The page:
Gui Mi Restaurant – Authentic Yunnan-Burmese Cooking

Gui Mi Restaurant Yunnan Burmese Cuisine

WHO: Gui Mi Restaurant (闺蜜小吃店)

WHERE: No. 71, 19th Street (Lower Block), Latha Township, Yangon. Tel: +95-9456909804.

Spend long enough in South East Asia, and you learn to instinctively avoid the Lads on Tour and the trustafarians here to ‘find themselves’. For Yangon, that means avoiding 19th Street and anyone still wearing their Thai fisherman pants deep here in longyi territory. So consider me impressed that only 200m from hostel ground-zero we found regional Chinese Yunnan cooking as good as māmā would make.

Gui Mi Restaurant ignores their neighbours on the other side of Maha Bandula Rd to offer some reassuringly authentic food choices. Operated by two Chinese sisters from Mitkyina not far from Yunnan Province (the province that touches Shan State in Myanmar’s north east), Gui Mi focuses on the quality of the food and the warmth of their service in a tight and functional space easily overlooked by those headed to the bars only 200m north.

Gui Mi Restaurant Double Fried PorkDouble Fried Pork (回锅肉)

After starting with a clear soup with egg and fennel dumplings, the food was quick to appear, including the best example of Chinese double-fried pork I’ve ever had. Delightfully savoury and with great mouth feel, the pork was cut generously, and the chilies had flavour without being overpowering. Over well-prepared rice, it was a great start.

The steamed egg with minced pork, while not much to look at, was referred to several times as being “just like mum used to make”. My imaginary Chinese mother agrees. The watercress was cooked well too. Not overcooked, it retained crunch and had strong garlic and chilli flavours, and thankfully wasn’t too oily, a common complaint here.

guimi fried fish chilli tomato pasteFried Fish with Chilli Tomato Paste (绘鱼)

But the highlight was the fried fish, appearing at first more like a piece of pork belly than something from the ocean. Topped with a tomato, green chilli, ginger, fermented bean and garlic paste, it was first deep fried with an excellent crust, perhaps enhanced with a thin rice flour-based batter. Granted, there were bones, but the meat fell away easily, and there was plenty of it. It was a powerful dish, something I would never had ordered off the menu if I hadn’t known about it.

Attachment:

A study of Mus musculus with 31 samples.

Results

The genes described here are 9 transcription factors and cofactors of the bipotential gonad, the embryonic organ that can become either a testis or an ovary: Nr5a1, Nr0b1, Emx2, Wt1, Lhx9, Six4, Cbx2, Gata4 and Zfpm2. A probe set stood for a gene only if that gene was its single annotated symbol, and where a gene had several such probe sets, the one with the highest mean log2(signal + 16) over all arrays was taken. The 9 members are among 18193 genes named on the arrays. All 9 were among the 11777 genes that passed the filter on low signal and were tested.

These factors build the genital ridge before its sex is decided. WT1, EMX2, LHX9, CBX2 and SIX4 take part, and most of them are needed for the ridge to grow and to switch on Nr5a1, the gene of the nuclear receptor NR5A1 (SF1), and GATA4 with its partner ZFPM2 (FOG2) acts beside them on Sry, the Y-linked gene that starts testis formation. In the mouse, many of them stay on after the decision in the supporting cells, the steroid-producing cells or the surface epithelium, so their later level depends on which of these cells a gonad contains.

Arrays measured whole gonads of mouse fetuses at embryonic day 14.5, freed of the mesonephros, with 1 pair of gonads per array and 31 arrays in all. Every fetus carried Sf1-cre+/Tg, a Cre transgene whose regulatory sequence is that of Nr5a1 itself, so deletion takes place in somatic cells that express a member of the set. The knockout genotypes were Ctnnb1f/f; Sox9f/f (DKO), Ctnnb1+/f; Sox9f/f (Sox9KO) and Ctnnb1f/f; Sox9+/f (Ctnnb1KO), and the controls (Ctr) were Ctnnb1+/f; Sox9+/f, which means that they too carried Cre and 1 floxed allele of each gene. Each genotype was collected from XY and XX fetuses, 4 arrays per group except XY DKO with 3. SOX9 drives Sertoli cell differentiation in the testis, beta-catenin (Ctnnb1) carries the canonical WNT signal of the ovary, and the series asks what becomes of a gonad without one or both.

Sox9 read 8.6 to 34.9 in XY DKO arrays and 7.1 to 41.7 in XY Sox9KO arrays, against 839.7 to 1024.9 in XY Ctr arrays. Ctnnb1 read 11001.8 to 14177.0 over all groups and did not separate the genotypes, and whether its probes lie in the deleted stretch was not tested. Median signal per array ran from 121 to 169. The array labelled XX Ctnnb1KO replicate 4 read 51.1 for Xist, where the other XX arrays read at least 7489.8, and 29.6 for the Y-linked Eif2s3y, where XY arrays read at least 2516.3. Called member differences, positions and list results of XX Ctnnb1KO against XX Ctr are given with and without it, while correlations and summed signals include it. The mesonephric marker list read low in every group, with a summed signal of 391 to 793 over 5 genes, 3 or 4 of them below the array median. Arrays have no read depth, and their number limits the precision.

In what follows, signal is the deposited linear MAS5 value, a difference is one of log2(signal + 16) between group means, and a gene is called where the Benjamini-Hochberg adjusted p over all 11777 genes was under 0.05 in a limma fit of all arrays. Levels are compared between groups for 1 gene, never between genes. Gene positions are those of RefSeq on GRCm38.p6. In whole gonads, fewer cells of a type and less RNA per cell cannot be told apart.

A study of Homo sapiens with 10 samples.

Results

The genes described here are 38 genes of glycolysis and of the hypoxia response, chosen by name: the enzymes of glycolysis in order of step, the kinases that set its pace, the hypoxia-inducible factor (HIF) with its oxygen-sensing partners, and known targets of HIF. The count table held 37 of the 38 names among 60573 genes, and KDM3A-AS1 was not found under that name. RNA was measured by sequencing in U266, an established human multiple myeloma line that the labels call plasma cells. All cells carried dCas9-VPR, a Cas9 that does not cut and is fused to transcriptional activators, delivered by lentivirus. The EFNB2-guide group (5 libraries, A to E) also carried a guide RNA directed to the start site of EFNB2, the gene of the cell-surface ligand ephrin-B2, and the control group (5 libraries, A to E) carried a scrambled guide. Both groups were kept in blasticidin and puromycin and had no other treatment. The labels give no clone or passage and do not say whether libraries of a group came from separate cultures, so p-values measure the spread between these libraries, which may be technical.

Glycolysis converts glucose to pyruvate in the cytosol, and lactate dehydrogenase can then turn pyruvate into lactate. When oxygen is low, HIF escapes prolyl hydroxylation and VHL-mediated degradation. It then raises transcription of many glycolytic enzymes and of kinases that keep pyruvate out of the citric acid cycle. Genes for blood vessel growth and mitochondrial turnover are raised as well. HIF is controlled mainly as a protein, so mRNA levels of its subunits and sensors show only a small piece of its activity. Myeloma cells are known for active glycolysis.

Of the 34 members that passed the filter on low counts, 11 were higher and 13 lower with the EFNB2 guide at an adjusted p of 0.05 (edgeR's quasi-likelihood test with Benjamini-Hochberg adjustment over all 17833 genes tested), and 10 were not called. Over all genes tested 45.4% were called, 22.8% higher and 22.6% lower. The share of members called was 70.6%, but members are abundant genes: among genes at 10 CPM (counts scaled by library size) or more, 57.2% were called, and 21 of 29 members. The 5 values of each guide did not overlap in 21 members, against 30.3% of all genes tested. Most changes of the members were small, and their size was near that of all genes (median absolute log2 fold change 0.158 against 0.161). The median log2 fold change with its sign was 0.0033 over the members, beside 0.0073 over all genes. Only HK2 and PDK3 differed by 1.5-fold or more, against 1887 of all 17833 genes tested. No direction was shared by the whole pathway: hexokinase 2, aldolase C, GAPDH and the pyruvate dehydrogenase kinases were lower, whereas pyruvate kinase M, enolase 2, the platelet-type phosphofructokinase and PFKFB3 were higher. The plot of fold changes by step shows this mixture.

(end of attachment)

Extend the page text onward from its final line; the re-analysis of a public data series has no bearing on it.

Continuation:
Also present was a second pork and green capsicum dish, served with dried chillies. After several distinctive and flavoursome dishes, this was comparatively subtle, not quite up to the same level as the others. Service was attentive, funny, and bilingual in Mandarin and Myanmar. We’re told an English-language menu is coming.

Take note, the restaurant doesn’t serve alcohol, but the previously avoided bars ended up being the source of several cold Heinekens. Maybe 19th street isn’t so bad after all.

Rating: 4 stars

Author: Ben Roache.
Food Photography: Stephen Lee

Remarks from Consult-Myanmar: We have to admit that we have been selfish. There are many great restaurants in Yangon which we frequent that are small family-owned restaurants. Many are run by the different ethnic groups in Myanmar and they serve fantastic home-cooked food at a reasonable price. However, over the years we have not done much to review the restaurant on our website for fear that it would become too popular and we would not be able to get a seat next time we go to the restaurant. As a result, some have closed when the landlord increased their rent as the restaurant owners are known more for their cooking skills and authenticity than for their business or marketing skills.We are trying to make amend by starting this section on “My Favourite Restaurant”.